Paula Byrne, The Real Jane Austen: A Life in Small Things (2013)
When we enter a preserved old house, objects are what we see. These paintings, cushions, scribbled notes, and scraps of lace are what are left to us as our link to the past. It can be a challenge to make the imaginative leap that brings the dead artifact to life, drawing out something of the living meaning it once had for the people who formerly handled and viewed it.
In The Real Jane Austen: A Life in Small Things Paula Byrne takes up this challenge, with admirable results. She does not seek to write yet another conventional biography of the elusive author, weaving together the available evidence (not very abundant) with biographical speculation to create a coherent cradle-to-grave narrative. Rather, she takes eighteen “small things” that formed part of Austen’s world, and uses them as the starting point for thematic essays that illuminate aspects of that world.
Though the essays take us on a very roughly chronological path, there are so many diversions along the way that it would be advisable to read a more traditional biography first, for orientation. With some dates under your belt, you are then free to range among the objects on display — an east Indian shawl, a vellum notebook — and explore how their history and significance connects with Austen’s life and work.
Byrne is concerned to dispel some of the myths that have grown up around the author, starting with the family-sanctioned biography by her nephew. In the place of the Victorian picture of a prudish, home-bound spinster scribbling away in a corner she gives us a theater-loving, relatively well-traveled woman who knew the facts of life and was aware of the political issues of the day. Byrne frequently departs from her main subject to discuss the people, places, and events that surrounded her. The result is a wide-ranging, eclectic, and always engaging picture not just of Jane Austen but of her whole social milieu at the turn of the nineteenth century.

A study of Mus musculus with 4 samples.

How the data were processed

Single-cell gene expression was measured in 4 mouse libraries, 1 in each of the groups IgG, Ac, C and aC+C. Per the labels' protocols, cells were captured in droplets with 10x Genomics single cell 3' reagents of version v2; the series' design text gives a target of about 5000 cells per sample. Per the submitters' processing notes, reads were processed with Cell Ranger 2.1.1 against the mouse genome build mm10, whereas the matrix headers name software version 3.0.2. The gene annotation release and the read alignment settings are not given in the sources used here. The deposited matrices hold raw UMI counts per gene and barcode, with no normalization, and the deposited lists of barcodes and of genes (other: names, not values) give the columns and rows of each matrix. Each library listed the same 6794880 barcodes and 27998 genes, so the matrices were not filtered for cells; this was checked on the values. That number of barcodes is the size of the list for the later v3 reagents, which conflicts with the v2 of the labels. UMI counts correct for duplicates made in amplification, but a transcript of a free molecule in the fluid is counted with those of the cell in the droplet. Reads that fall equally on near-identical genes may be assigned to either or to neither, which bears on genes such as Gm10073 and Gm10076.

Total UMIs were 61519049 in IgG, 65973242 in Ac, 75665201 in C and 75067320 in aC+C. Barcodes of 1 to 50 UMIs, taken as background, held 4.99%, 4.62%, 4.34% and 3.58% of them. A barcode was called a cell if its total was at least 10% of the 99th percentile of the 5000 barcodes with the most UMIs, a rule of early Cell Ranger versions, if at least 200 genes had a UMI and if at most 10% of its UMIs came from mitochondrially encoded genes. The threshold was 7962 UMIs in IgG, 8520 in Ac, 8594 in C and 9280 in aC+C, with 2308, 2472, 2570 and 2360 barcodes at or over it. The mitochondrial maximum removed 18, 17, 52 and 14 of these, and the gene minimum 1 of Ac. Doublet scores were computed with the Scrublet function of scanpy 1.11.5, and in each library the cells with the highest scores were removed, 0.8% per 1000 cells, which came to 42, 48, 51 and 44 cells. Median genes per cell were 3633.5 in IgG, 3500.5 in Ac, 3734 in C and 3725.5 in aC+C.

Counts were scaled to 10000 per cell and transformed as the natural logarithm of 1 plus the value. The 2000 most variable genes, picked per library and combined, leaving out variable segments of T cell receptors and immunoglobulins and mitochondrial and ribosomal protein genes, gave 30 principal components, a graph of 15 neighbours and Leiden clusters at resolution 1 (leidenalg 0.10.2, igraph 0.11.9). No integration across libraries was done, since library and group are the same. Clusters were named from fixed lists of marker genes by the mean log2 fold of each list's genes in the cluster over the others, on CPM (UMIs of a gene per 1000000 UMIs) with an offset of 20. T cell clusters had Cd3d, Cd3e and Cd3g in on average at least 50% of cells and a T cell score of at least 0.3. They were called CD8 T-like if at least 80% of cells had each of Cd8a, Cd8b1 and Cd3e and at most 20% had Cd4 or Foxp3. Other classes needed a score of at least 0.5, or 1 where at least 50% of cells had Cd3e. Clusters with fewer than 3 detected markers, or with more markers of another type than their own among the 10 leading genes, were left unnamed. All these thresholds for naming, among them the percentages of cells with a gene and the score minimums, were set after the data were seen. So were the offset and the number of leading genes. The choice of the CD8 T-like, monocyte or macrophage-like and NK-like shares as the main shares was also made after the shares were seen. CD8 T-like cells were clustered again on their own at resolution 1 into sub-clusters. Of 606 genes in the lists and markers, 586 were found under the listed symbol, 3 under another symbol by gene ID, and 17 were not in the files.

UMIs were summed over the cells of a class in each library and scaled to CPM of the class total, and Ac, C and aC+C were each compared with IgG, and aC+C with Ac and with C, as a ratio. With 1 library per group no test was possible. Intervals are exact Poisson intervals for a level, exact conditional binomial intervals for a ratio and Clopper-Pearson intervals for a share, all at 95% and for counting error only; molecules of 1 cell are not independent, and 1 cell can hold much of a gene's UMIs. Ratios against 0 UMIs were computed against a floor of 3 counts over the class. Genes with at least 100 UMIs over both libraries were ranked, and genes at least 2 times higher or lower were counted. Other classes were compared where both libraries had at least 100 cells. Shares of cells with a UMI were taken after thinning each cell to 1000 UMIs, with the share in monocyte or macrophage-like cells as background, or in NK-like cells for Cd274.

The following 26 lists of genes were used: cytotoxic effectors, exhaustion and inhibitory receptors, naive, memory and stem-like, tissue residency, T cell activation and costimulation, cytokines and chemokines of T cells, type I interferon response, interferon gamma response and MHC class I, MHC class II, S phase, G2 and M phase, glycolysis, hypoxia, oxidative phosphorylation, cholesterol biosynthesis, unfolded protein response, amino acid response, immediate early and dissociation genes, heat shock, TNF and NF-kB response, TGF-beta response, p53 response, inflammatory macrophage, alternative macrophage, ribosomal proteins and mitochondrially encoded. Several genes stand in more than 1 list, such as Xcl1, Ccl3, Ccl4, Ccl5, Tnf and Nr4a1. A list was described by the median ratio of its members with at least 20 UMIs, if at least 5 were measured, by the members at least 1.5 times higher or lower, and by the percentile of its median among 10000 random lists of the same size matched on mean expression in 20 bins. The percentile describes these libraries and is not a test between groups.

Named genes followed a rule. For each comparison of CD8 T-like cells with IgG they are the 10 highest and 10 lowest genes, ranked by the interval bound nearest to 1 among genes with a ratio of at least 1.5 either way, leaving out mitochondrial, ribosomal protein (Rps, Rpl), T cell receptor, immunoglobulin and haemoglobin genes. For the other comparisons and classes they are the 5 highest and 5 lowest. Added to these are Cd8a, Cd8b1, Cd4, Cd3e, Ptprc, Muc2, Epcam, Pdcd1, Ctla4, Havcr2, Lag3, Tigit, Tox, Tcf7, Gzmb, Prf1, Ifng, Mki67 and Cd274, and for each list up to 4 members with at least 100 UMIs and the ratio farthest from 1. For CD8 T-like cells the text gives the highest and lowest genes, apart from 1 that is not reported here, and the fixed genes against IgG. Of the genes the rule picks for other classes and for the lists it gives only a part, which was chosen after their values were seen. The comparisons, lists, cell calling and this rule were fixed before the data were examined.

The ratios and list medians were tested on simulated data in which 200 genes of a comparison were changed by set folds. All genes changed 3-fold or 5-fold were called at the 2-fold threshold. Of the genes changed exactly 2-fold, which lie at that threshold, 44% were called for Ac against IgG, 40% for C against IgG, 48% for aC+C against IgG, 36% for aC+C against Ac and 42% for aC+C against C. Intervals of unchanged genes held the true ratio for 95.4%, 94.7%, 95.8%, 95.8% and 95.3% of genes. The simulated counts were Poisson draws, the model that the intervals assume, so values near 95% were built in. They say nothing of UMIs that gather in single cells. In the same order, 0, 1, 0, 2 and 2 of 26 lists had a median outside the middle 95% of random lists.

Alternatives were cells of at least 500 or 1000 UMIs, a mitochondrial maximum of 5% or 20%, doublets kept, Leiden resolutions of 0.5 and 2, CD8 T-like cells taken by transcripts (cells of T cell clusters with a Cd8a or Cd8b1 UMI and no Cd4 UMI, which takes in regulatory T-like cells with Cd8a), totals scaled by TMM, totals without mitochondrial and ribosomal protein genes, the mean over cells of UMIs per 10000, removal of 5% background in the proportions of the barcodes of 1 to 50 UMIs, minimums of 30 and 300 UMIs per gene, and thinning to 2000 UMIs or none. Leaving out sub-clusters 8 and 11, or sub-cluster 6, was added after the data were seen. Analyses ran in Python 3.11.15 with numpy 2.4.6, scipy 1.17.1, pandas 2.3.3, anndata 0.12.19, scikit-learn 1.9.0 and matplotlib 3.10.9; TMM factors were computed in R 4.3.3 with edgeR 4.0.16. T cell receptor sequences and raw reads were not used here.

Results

While obviously it’s not the purpose of such a book to eschew anachronisms entirely, it is more pleasant if the language harmonizes with that of its subject. In general Byrne does fairly well, but there are some modern missteps, as when Jane’s naval brothers “didn’t make it” to their father’s funeral. Also jarring are the moments when Byrne leaps to conclusions for which there is really no concrete evidence: that Austen was afraid of childbirth, for example. She makes some confident pronouncements that evaporate on closer examination, as when she states of one of Austen’s favorite authors, Fanny Burney: “Without her, it would not have been possible for Jane Austen to reject the convention that a heroine must be beautiful.” Why on earth not? An attentive editor could have smoothed out some of these rough spots, so it’s a pity they remain.
If you can cope with these drawbacks, there is still much fascinating information here, presented in an entertaining and largely intellectually respectable way. Laying claim to “the real Jane Austen” is pretty ambitious, but by anchoring her book in real, tangible things, Byrne at least gives us a new angle on the author, her creative process, and the world she inhabited.